Is it possible to be so far to one side ideologically that you overlap to the other side? In 20th century Europe it was thought by some that a left-wing movement – communism and a right-wing movement – fascism overlapped or were the same thing. However, HBO host Bill Maher has a different idea of such an overlapping – that a movement is “right-wing” by definition because it is radical.
On HBO Friday night airing of “Real Time with Bill Maher,” during the “Overtime” Internet-only segment, Maher expressed some concern about the Egyptian revolution leading to a transfer of power into the wrong hands. He doubted the scenes from Tahrir Square were representative of Egypt as a whole.
“As I said to that wonderful woman Mona [Eltahawy] who I had on the show last week, I still do not think it is representative of the 80 million Egyptian people,” Maher said. “I think it’s the more well-to-do, more educated who are in the square.”
Maher’s fear: That since the scenes from Cairo were indicative of the Egyptian population, it would lead to a radical Islamic state. However, Hooman Majd, author of “The Ayatollahs’ Democracy: An Iranian Challenge,” noted that’s the case with many revolutionary movements.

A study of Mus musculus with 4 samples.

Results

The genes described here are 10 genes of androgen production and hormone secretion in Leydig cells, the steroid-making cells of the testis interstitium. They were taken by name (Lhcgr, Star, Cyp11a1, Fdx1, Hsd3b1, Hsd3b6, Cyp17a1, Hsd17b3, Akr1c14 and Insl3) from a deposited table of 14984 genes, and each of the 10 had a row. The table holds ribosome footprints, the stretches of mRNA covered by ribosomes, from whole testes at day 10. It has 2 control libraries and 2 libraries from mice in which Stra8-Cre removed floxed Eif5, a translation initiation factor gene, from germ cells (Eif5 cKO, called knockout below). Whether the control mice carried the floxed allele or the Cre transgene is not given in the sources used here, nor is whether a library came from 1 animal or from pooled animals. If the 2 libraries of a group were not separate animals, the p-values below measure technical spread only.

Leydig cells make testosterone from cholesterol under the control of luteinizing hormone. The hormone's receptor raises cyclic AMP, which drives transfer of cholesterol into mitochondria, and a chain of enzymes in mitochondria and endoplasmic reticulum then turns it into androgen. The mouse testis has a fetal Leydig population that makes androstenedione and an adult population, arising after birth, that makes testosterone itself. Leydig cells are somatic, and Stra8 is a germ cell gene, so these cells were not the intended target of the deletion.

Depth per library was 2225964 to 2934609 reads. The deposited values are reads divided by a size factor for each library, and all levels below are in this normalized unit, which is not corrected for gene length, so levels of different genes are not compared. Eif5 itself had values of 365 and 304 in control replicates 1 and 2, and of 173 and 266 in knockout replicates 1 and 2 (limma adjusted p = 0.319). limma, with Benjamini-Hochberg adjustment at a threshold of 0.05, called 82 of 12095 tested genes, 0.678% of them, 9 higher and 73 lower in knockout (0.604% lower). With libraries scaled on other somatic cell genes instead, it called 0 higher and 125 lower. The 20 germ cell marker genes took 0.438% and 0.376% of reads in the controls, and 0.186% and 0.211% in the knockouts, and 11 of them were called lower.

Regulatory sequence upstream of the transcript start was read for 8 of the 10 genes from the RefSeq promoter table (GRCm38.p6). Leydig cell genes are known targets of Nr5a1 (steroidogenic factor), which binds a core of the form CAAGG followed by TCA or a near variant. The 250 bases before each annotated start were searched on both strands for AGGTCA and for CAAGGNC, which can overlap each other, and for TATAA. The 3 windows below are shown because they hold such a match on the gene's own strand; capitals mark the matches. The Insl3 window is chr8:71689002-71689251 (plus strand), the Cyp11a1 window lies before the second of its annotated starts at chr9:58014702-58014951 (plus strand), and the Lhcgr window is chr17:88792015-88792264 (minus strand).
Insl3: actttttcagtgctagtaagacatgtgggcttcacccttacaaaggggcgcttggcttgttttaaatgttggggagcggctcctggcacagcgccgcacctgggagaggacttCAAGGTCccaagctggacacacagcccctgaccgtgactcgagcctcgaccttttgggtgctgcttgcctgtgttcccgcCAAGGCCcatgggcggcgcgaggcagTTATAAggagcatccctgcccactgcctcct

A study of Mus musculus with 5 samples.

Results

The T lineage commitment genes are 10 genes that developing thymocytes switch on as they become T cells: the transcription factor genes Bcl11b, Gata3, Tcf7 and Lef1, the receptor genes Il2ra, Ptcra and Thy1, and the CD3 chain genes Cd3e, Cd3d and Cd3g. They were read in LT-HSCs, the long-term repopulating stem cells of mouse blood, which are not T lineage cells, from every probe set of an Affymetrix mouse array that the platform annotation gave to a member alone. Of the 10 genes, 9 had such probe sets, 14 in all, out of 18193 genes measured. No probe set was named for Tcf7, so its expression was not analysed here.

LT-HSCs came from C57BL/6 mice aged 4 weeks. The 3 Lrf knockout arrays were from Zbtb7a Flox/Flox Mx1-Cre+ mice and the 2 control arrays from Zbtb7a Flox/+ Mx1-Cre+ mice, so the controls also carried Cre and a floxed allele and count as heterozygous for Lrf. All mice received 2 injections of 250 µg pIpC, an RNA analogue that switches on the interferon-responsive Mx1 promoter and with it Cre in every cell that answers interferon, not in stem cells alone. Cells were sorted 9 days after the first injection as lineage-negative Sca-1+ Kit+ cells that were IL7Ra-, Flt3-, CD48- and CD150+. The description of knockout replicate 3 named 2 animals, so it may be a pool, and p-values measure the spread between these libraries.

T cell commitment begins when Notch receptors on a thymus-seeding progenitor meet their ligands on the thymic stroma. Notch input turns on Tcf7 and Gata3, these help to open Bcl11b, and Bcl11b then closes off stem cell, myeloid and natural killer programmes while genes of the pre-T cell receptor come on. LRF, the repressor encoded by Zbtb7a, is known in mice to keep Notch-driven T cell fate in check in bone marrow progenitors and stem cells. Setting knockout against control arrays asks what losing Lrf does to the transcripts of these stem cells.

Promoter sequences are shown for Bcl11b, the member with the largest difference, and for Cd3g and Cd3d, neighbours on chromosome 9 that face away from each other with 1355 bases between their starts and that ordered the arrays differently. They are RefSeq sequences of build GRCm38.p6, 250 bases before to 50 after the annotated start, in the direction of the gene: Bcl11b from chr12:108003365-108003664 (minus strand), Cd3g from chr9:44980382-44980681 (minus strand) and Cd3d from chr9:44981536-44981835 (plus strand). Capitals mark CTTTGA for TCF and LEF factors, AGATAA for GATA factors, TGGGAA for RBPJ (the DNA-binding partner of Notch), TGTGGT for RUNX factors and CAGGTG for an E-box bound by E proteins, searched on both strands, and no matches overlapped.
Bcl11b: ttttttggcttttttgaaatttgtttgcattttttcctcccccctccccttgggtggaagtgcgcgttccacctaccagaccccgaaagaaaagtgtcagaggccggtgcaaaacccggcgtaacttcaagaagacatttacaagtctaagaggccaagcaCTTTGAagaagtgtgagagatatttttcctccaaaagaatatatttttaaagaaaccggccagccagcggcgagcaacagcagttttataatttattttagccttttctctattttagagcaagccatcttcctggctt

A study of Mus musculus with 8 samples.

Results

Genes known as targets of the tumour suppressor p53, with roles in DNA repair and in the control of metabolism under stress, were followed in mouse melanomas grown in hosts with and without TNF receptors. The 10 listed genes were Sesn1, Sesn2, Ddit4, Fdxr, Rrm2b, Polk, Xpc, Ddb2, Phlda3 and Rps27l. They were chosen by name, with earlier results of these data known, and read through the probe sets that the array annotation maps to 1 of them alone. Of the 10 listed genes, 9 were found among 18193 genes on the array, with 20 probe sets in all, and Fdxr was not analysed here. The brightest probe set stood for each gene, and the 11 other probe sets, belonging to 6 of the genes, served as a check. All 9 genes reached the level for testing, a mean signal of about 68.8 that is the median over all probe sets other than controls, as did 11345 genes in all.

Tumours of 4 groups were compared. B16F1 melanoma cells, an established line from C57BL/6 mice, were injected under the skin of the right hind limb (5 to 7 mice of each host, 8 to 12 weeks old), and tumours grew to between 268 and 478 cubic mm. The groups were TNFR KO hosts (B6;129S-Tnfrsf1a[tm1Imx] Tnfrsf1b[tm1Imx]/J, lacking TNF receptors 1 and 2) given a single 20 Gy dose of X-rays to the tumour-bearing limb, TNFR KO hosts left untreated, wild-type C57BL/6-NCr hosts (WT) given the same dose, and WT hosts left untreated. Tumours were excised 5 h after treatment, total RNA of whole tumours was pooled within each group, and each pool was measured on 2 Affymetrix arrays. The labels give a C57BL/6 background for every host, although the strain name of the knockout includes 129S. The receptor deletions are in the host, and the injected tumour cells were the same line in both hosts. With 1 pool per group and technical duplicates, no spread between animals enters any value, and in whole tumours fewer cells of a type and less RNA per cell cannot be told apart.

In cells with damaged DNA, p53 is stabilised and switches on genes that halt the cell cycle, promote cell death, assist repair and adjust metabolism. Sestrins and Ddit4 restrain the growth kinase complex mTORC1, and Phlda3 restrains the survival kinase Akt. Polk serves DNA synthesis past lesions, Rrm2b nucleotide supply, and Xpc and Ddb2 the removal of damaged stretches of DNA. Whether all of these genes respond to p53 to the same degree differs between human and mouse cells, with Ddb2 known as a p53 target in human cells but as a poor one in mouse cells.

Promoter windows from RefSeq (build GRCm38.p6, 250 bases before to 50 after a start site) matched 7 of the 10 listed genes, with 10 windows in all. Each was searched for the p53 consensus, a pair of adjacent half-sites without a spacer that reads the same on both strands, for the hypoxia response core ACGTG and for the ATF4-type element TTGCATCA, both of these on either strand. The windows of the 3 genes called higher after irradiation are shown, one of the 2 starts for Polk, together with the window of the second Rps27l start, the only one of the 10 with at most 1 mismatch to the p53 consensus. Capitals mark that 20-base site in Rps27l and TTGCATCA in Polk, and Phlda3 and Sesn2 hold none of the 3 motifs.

“Revolutions are rarely representative of all the people,” Majd said. “The Russian Revolution wasn’t. The French Revolution wasn’t. It’s very well that a revolution is representative of all the people.”
“Both those revolutions got hijacked by the right-wing – and the Iranian Revolution,” Maher added.
However, Maher explained that you could argue the Russian Revolution was “hijacked by the left-wing,” but due to the nature of it being that far left, it was really right.
“I suppose people would say the Russian Revolution was hijacked by the left-wing,” Maher said. “I think when you go that far left – you’re really the right-wing. I consider Lenin and Stalin right-wingers. Don’t tell Rush Limbaugh.”